Munch'n'Crunch with Seeds

We've talked about how to roast seeds in our previous article, “Fancy in Disguise: Roasted Seeds” we talked about how to roast seeds at home. Unless you eat them for a snack (like I do) we're met with a small dilemma: You roasted all of those seeds but only use about a tablespoon at a time. What do we do with these extra seeds? Are there even health benefits to eating all these seeds? Which seeds can I eat to begin with?

Let's briefly address each question:


Which Seeds Could We Eat?

A lot of seeds are available in major retail stores or online. The containers can be as small as a 2oz “Snack Pack” or as large as a 5lb bag (and I really don't think you want that much all at once without a special project in mind). The most widely available seeds are:

• Pumpkin

• Sunflower

• Sesame

• Poppy

• Flax

• Chia

Note: There are so many options out there! Go explore! Try new things! Or completely ignore that and stick to what you know and like to avoid any disappointment!

By the way, your home-made roasted seeds should last you at least two months. Keep them in a dry, airtight container, preferably in the fridge. Keeping seeds in the cabinet should last about 2-4 months, the fridge can keep them for about 4-5 months, and freezing them can extend their life up to a year. The best way to tell if a seed went bad is by taste. If you eat a few and they taste bitter: it's time to toss. Don't worry, a few seeds or a wee taste is not detrimental to your health.

What's so good about seeds, anyway?

It's no surprise that everyone's trying to find the next best health food; seeds are very overlooked for nuts in many cases. That's right; seeds have their own benefits for you including plant-based protein. There's also a wide variety of minerals such as magnesium, iron, calcium, and zinc, increased fiber, and sources/trace sources of B vitamins, depending on the seed and portion 1. There are some studies out there finding either causation, correlation, or both, linking to improving blood pressure, assistance with cholesterol levels, and GI function maintenance. Plant-sourced fat can improve your intake of mono and polyunsaturated fats, which can help with your cholesterol levels 2 (though, that doesn't change the fact that a gram of fat has 9kcal). Of course, if you plan to follow a strict diet regime, please be sure to consult an appropriate healthcare provider to assist and monitor you properly.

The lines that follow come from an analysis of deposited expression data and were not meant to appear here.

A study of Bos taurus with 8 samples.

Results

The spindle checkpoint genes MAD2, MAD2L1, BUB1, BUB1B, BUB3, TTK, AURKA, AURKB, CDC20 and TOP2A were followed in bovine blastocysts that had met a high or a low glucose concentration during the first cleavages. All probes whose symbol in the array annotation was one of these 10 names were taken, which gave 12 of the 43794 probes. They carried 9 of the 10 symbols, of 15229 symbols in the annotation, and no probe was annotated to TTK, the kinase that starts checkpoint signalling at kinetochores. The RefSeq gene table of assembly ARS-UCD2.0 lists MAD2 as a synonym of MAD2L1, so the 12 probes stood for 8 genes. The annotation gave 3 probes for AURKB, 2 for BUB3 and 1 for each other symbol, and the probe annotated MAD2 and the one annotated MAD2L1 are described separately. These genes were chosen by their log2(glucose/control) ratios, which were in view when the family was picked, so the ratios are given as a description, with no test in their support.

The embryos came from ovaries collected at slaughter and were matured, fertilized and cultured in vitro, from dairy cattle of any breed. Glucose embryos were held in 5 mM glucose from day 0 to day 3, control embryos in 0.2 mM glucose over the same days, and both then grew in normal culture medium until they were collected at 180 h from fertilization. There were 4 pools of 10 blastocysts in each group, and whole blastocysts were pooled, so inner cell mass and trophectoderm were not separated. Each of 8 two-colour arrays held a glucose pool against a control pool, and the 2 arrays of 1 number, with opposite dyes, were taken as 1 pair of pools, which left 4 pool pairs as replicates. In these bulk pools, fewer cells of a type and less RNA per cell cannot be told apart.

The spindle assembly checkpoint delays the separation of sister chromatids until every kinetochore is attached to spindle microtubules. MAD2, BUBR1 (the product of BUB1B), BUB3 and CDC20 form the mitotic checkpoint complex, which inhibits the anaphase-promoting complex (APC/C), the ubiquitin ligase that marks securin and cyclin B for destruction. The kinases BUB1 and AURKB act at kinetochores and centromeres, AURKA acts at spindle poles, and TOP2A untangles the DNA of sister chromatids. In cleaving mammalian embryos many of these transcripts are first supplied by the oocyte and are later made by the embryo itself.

What can we do with these seeds?

The simple answer: Eat them. Then again, I can recognize when nobody wants a pantry of seeds that take ages to use up before you begin to loathe their existence after the 8th time you've shoveled a palmful into your mouth in attempt to use them up.

Here are a few ways to incorporate seeds into your eating, according to each seed:

• Pumpkin seeds

◦ great with salads, added to granola, and used as a soup topping.

• Sunflower Seeds

◦ Ground them up and make sesame seed butter! Eat it with toast, in oatmeal, or replace with peanut butter for some awesome baked goods.

• Sesame seeds

◦ Make some tahini (sesame seed butter) and use it for favorite hummus recipe, or make sesame cookies. There's a popular recipe here from The Spruce Eats.

• Poppy seeds

◦ Try incorporating then into a salad dressing, or some baking, like a lemon poppy cake!